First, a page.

Twelve Days of Christmas, Day 2 – Gen. “Mad Dog” Gets Christmas Cookies

general-mattis-christmas-cookies
Photo illustration by Elizabeth Brockway/The Daily Beast

Marine General James “Mad Dog” Mattis, Secretary of Defense appointee

How Mad Dog Mattis Got His
Christmas Cookies

A Christmas gesture that became a Christmas tale worth telling for many Christmases to come about our next Secretary of Defense.

By Michael Daly at The Daily Beast

In the week before Christmas in each of his four years as commandant of the United States Marine Corps, General Charles Krulak and his wife would set to baking cookies, cookies, cookies.

“We’re talking about hundreds of dozens of cookies,” Krulak recalled this week.
He further reported, “Always chocolate chip.”

Around 4 pm on Christmas Eve, they would load the cookies into their car and set out to deliver platefuls to all the Marines who were standing watch at the Marine facilities in the Washington, D.C. area.

Around midnight, just as Christmas Eve was turning to Christmas Day in 1998, they reached the most distant location, the Marine Corps Base Quantico in Virginia. They stopped at each of the many commands and facilities there.
“The last place we delivered them was at the headquarters of the commanding general of Marine Corps Combat Development Command,” Krulak remembered.
The commandant’s wife, Zandi Krulak, had a plate of cookies ready and he took it into the guard shack, where he offered it along with season’s greetings to the staff sergeant on duty.

“Here’s your cookies,” Charles Krulak would recall saying. “I want to make sure you save some of them for the officer of the day.”

An officer was also supposed to be on duty, but Krulak saw no one else present.
“Where is the officer of the day?” Krulak asked.

“Sir, he’s out walking his post,” the staff sergeant said.
The staff sergeant meant the officer was checking the facility to ensure all was as it should be.

“Who is the officer of the day?” Krulak asked.
“Sir, it’s Brigadier General Mattis,” the staff sergeant replied.
“No, I’m not asking who is the general officer,” Krulak said.

Someone of Mattis’ high rank might have been expected to be serving as the duty officer for the whole base, but he would have been free to remain home and would have passed his holiday undisturbed unless something truly urgent arose.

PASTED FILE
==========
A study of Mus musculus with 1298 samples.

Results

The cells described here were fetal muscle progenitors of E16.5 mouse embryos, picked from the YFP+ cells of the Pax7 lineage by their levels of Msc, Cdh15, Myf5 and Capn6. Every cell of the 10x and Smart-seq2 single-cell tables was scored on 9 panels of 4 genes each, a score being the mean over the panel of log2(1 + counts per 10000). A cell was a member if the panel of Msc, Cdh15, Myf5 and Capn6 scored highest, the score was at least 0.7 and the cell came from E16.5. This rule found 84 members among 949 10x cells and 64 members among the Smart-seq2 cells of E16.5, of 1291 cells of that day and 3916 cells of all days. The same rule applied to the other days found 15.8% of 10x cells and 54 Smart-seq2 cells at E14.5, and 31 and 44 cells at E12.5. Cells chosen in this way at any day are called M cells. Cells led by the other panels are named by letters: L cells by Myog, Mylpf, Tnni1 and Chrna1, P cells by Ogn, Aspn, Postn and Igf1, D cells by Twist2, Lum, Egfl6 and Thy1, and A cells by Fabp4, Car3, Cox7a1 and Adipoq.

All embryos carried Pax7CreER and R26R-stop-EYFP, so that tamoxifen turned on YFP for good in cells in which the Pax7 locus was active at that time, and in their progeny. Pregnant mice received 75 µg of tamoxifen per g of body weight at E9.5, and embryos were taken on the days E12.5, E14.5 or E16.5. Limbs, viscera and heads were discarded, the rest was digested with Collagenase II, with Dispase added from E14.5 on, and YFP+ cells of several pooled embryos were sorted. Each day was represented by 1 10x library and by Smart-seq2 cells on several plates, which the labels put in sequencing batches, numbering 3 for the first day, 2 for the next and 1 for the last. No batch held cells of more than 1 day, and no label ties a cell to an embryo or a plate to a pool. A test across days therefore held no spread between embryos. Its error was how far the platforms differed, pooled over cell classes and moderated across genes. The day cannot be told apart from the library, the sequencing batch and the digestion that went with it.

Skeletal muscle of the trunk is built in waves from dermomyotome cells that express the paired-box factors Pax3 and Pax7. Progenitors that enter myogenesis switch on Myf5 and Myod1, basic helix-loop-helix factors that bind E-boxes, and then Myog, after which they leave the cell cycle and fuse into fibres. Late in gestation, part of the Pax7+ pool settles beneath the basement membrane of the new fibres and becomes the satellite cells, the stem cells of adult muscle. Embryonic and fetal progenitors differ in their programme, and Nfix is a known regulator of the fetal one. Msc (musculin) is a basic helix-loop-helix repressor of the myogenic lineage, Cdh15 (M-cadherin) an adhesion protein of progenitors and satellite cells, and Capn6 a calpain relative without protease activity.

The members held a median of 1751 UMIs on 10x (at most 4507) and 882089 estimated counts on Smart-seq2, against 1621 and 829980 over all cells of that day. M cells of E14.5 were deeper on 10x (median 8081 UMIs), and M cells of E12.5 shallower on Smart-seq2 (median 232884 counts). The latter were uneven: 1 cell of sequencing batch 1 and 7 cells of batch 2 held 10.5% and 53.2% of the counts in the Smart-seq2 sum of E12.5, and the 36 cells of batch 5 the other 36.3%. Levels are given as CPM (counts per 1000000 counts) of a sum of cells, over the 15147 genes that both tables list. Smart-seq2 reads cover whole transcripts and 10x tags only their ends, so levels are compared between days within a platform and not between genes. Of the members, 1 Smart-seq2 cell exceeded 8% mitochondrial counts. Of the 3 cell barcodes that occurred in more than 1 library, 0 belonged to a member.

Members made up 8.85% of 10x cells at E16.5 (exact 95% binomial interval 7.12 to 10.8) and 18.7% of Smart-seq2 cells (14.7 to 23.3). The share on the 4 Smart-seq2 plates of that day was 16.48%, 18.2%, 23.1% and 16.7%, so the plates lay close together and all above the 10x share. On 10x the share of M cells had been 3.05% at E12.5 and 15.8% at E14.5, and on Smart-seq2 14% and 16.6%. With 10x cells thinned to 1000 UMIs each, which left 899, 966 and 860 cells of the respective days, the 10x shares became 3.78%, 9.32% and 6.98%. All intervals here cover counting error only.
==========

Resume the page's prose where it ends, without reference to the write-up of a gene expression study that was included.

“No, I don’t mean him,” Krulak said.

Krulak was only asking about the duty officer of the day (DOD) for that particular post. This task on Christmas would have been expected to go to the most junior of them.

“Who’s the DOD?” Krulak asked.
“Sir, it’s Brigadier General Mattis,” the staff sergeant said.
“Staff sergeant, again, I don’t mean who’s over all of the duty officers, who’s above all of them,” Krulak said. “Who is the duty officer?”
“Sir, it’s Brigadier General Mattis,” the staff sergeant said.
Krulak looked over at two cots that had been installed for the sergeant and for whichever officer was on duty.

“Okay, let me make it easy,” Krulak said. “Who slept in that cot over there?”
Krulak noted that by this point the staff sergeant was becoming a touch irritated.

“Sir, Brigadier General Mattis slept there,” the staff sergeant said.
At that moment, Krulak heard clicking shoe heels approaching down the marble hallway, joined by the clanking of a sword. Brigadier General James Mattis appeared, having been out walking his post in full dress uniform, complete with sword hanging at his hip.

“Jim, what are you doing standing duty?” Krulak asked.
“Sir, I checked the roster to see who would be standing duty on Christmas and one of the persons who was going to be standing duty was a man who had two young children,” Mattis said. “And, since I’m a bachelor, I figured why should I spend Christmas morning looking at my own little Christmas tree when we have a husband who’s got a wife and children who are going to miss their father because he is standing duty?”

Krulak would recall just shaking his head, amazed and admiring. His Christmas gesture of bringing the cookies had become a Christmas tale that would be worth telling for many Christmases to come.

“Well done, I’m proud of you, very proud of you,” Krulak told Mattis.
Eighteen years later, Mattis has gone from Christmas duty officer of the day to President-Elect Donald Trump’s pick as our next Secretary of Defense. He had in the meantime fought in Afghanistan and Iraq and acquired the nickname “Mad Dog Mattis,” which those who know him say attests only to the fierce warrior, not to the scholar and thoughtful commander who loves his fellow Marines. He was known to spend a night in a fighting hole with a sergeant and a lance corporal when he could have been snug in a cozy bed.

Mattis is one appointment in which even Trump’s opponents should be able to discern considerable merit.

“He’s a good one,” Krulak told the Daily Beast this week.

The story Krulak told of a remarkable moment in a Quantico guard shack back in 1998 suggests that at this time of year, a far better nickname than “Mad Dog Mattis” would be “Merry Christmas Mattis.”

So, call the tale “The Commandant’s Cookies and ‘Merry Christmas Mattis.’” Krulak answered the obvious question that arose at the end.
“Oh yeah, he got his cookies,” Krulak said.